Studies have established that exercising and eating healthy can reinforce your hearing and that individuals who are overweight have a higher chance of getting hearing loss. It will be easier to make healthy hearing decisions for you and your whole family if you learn about these associations.

Adult Hearing And Obesity

Women had a higher risk of developing hearing loss, according to research carried out by Brigham And Women’s Hospital, if they have a high body mass index (BMI). The connection between body fat and height is what BMI measures. The higher the number the higher the body fat. The higher the BMI of the 68,000 women in the study, the higher their hearing loss incidence. The heaviest people in the study had a 25% greater instance of hearing loss.

In this study, waist size also turned out to be a dependable indicator of hearing loss. With women, as the waist size increases, the risk of hearing loss also increases. Lastly, participants who took part in regular physical activity had a decreased incidence of hearing loss.

Children’s Hearing And Obesity

Research conducted by Columbia University’s Medical Center revealed that obese teenagers had about twice the risk of developing hearing loss in one ear when compared to non-obese teenagers. These children suffered sensorineural hearing loss, which is caused by damage to sensitive hair cells in the inner ear that convey sound. This damage makes it difficult to hear what people are saying in a noisy setting like a classroom because it diminishes the ability to hear lower frequencies.

Hearing loss in children is especially worrisome because kids often don’t recognize they have a hearing issue. There will be an increasing risk that the issue will get worse as they become an adult if it goes unaddressed.

What is The Connection?

Obesity is associated with several health problems and researchers suspect that its connection with hearing loss and tinnitus lies with these health issues. Poor circulation, diabetes, and high blood pressure are all linked to hearing loss and are often caused by obesity.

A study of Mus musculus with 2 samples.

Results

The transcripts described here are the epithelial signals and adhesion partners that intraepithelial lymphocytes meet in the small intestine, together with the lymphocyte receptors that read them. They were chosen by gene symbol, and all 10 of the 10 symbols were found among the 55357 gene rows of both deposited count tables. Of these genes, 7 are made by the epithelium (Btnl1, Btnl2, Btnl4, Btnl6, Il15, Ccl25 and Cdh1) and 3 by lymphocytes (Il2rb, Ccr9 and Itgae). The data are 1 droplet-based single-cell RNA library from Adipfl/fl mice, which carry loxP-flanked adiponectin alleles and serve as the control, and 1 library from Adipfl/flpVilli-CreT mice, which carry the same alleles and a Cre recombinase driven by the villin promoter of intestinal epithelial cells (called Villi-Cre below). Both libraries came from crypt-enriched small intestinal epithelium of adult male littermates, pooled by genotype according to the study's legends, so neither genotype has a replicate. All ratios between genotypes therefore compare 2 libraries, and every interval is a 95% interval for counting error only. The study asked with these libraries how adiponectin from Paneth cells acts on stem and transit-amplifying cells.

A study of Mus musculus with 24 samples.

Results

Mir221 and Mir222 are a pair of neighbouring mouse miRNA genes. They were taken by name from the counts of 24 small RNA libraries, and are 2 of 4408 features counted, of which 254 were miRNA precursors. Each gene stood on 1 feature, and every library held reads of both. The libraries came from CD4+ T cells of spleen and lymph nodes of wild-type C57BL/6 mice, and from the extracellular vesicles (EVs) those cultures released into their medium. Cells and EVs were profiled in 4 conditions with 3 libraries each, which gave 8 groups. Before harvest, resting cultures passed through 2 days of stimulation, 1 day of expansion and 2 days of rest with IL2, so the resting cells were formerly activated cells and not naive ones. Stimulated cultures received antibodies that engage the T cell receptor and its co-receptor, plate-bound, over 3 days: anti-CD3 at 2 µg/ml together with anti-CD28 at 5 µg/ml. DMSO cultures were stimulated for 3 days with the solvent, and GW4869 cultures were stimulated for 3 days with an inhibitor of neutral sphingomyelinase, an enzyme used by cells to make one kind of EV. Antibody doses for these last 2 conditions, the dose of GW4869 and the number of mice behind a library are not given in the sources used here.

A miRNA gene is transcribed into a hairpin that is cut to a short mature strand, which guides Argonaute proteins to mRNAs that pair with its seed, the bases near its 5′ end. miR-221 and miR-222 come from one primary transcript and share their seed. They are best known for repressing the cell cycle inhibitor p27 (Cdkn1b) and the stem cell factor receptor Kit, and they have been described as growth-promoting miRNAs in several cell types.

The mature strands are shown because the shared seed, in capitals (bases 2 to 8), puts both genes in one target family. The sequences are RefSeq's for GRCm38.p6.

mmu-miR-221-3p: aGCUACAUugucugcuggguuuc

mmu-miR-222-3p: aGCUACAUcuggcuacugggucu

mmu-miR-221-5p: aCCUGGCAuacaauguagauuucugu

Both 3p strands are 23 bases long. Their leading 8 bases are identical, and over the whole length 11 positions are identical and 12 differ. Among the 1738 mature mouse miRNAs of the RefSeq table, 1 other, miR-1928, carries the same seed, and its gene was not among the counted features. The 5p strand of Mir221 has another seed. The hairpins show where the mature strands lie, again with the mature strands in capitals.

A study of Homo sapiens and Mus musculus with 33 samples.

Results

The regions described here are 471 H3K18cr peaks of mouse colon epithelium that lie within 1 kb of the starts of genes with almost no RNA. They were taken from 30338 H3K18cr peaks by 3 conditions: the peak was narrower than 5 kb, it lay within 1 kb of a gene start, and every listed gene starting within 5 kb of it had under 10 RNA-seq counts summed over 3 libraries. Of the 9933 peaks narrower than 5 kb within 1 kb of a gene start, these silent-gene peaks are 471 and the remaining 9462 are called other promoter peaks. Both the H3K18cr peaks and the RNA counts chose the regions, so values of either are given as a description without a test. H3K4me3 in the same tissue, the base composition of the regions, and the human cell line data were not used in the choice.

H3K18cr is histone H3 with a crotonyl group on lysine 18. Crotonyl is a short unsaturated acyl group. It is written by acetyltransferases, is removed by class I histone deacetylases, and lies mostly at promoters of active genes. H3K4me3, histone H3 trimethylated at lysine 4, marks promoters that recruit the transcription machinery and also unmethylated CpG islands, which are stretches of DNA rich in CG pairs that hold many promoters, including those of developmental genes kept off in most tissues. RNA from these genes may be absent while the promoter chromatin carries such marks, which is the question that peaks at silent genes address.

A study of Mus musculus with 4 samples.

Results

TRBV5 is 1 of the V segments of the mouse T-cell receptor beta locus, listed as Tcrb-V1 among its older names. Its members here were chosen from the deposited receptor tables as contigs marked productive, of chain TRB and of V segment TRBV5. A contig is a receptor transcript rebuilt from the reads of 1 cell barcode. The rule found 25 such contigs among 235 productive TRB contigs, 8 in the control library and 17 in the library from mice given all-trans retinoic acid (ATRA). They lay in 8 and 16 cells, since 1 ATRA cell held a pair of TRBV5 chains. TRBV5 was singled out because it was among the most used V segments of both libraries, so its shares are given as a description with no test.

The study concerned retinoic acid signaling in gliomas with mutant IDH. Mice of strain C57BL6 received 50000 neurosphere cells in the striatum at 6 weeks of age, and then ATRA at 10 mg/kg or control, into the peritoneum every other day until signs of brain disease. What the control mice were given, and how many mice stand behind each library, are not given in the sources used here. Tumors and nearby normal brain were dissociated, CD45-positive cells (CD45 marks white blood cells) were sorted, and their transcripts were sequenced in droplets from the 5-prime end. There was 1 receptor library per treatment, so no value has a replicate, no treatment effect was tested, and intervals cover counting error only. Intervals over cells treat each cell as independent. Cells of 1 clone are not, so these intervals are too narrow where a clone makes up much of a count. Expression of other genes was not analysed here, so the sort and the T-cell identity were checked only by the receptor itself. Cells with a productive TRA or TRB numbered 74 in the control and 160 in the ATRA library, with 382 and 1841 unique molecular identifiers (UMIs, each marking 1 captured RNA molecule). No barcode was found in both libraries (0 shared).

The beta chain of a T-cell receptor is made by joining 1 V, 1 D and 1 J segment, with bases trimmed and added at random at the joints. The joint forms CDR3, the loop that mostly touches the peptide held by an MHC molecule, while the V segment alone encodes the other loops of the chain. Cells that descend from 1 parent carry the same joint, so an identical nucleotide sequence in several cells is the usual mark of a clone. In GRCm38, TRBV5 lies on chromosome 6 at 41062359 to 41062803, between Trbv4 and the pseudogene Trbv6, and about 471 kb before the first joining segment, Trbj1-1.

The sensitive inner ear is made up of various delicate parts including nerve cells, little capillaries, and other parts that will stop working correctly if they aren’t kept healthy. Good blood flow is crucial. High blood pressure and the narrowing of blood vessels caused by obesity can hamper this process.

Reduced blood flow can also damage the cochlea, which receives sound waves and transmits nerve impulses to the brain so you can distinguish what you’re hearing. If the cochlea is damaged, it’s usually irreversible.

Is There Anything You Can do?

Women who remained healthy and exercised regularly, according to a Brigham and Women’s Hospital study, had a 17% lowered likelihood of developing hearing loss compared to women who didn’t. You don’t have to run a marathon to lower your risk, however. Walking for two or more hours every week resulted in a 15% lower chance of hearing loss than walking for under an hour.

Beyond weight loss, a better diet will, of itself, help your hearing which will benefit your whole family. If there is a child in your family who has some extra weight, get together with your family members and put together a program to help them shed some pounds. You can incorporate this program into family gatherings where you all will do exercises that are fun for kids. They might enjoy the exercises enough to do them on their own!

Talk to a hearing professional to determine if any hearing loss you may be experiencing is associated with your weight. Better hearing can be the result of weight loss and there’s help available. Your hearing specialist will identify your level of hearing loss and advise you on the best plan of action. A program of exercise and diet can be suggested by your primary care doctor if necessary.